While innovation often leads to some truly creative endeavors, there's something to be said for taking an established formula and doing it really well. That’s what Röki sets out to do: take the traditional elements of a point-and-click adventure title, and elevate the experience in impactful, meaningful ways. And the title by-and-large succeeds. You play as Tove, a young girl on a quest to rescue her brother, Lars, from the clutches of an evil god. The story dwells on many important themes and messages, like family, letting go, and loving oneself, flaws and all.
Mechanically, you’ve definitely played this title before. You collect a variety of items and must interact with all manner of environmental facets trying to pair the correct tools with the correct objects. It’s all rather straightforward, though it never strays into the territory of solutions so obtuse no sane person could possibly figure it out like point-and-clicks of yore. Some more interesting mechanics are introduced as you progress through the title, like having to hop between two characters to add that extra little bit to the experience. It’s only present in the game’s final area though; an environment that overstays its welcome and doesn’t pack quite as much punch as everything that comes before it.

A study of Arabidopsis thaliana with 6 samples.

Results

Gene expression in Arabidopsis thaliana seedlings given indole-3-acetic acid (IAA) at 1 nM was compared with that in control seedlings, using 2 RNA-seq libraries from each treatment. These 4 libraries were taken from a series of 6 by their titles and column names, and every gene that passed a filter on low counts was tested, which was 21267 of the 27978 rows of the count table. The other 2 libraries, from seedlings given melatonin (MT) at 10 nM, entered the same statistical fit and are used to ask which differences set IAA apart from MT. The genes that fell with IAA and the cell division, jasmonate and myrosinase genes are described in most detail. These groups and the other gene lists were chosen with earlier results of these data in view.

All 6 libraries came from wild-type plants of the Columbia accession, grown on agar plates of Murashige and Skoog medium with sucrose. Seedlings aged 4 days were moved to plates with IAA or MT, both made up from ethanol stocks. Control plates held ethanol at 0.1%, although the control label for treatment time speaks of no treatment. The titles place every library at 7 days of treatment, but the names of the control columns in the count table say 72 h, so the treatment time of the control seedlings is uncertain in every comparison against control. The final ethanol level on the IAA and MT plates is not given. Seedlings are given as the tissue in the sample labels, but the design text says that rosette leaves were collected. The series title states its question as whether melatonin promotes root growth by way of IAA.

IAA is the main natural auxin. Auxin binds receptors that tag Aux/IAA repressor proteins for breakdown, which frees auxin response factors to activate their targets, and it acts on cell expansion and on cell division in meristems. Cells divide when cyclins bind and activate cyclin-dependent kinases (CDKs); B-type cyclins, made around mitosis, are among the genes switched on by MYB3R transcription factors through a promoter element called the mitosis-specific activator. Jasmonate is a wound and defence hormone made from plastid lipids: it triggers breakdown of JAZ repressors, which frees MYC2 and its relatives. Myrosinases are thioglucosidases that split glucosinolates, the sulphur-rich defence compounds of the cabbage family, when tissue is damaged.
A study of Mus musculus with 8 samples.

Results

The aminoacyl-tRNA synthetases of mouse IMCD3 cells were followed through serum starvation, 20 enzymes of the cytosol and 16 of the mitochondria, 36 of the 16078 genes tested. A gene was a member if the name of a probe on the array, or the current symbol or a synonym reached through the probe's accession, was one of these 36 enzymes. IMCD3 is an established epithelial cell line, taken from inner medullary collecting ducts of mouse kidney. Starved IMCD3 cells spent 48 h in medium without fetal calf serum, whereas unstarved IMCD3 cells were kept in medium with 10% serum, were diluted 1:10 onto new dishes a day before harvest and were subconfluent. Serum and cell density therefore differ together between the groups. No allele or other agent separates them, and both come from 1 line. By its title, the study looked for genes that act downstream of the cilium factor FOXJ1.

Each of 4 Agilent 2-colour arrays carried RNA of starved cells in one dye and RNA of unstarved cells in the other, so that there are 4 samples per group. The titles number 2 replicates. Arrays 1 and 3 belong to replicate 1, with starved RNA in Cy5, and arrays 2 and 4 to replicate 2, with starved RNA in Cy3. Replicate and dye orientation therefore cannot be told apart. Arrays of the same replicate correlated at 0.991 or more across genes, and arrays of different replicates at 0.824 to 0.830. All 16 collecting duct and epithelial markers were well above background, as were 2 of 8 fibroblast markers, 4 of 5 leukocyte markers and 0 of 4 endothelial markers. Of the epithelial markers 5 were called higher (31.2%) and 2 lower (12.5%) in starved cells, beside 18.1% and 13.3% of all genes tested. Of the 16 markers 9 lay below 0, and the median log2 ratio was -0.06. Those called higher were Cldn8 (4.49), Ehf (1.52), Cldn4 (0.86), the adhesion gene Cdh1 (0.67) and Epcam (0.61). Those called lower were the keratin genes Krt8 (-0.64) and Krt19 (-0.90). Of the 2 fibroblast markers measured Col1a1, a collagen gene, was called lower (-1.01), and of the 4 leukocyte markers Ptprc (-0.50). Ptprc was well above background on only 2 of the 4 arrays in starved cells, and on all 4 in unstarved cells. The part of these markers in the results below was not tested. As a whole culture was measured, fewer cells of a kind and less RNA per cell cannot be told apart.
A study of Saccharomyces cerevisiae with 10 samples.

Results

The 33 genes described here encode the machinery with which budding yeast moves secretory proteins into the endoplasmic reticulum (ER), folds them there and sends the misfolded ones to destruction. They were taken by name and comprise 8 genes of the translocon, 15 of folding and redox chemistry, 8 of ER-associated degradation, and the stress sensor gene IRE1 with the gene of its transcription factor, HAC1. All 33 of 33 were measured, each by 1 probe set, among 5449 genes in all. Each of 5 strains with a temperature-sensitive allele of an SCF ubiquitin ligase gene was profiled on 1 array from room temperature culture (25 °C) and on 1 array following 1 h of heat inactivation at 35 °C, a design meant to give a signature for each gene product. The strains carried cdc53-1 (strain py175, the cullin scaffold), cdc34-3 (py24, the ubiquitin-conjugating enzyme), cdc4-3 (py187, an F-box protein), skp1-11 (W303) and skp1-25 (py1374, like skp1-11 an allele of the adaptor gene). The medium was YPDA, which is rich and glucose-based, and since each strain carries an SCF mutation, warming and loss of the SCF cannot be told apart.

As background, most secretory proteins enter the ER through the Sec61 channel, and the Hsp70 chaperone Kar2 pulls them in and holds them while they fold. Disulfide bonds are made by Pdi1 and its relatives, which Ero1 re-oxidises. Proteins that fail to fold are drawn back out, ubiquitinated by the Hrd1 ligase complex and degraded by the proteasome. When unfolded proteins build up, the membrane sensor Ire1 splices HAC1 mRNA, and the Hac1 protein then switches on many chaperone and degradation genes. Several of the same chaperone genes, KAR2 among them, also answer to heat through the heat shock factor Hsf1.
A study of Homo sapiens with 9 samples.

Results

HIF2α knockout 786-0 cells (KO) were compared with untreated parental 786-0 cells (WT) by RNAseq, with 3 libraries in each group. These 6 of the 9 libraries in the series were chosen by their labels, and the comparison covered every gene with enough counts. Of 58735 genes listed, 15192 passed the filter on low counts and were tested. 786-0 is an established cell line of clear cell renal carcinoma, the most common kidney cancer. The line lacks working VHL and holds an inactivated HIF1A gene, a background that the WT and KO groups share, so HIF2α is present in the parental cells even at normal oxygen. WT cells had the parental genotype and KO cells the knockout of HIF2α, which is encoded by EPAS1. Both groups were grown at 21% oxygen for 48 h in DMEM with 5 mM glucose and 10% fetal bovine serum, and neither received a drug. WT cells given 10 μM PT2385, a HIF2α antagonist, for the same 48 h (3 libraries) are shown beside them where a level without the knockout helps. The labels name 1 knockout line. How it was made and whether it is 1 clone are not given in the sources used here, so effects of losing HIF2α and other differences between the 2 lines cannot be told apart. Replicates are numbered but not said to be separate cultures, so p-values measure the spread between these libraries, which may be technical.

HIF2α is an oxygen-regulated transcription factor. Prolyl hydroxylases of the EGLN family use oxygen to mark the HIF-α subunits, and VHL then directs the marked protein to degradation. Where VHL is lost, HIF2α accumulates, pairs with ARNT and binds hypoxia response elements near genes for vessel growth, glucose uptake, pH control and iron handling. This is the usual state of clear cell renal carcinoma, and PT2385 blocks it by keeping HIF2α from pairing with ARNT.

The real star of the game is the environment design. This game is beautiful. Its adherence to both Norse architecture – an incredible Stave Church being the standout – as well as accurate depictions of creatures from Norse mythology –such as trolls – complement one another, presenting a lovingly crafted world. Tove's character and her brother leave a bit to be desired, however.
With a compact, but dense world to navigate – most of the game takes place in one sprawling interconnected area – you’ll learn your way around in no time. This is aided by the game’s clever fast travel system, which cuts down on pointless back and forth greatly.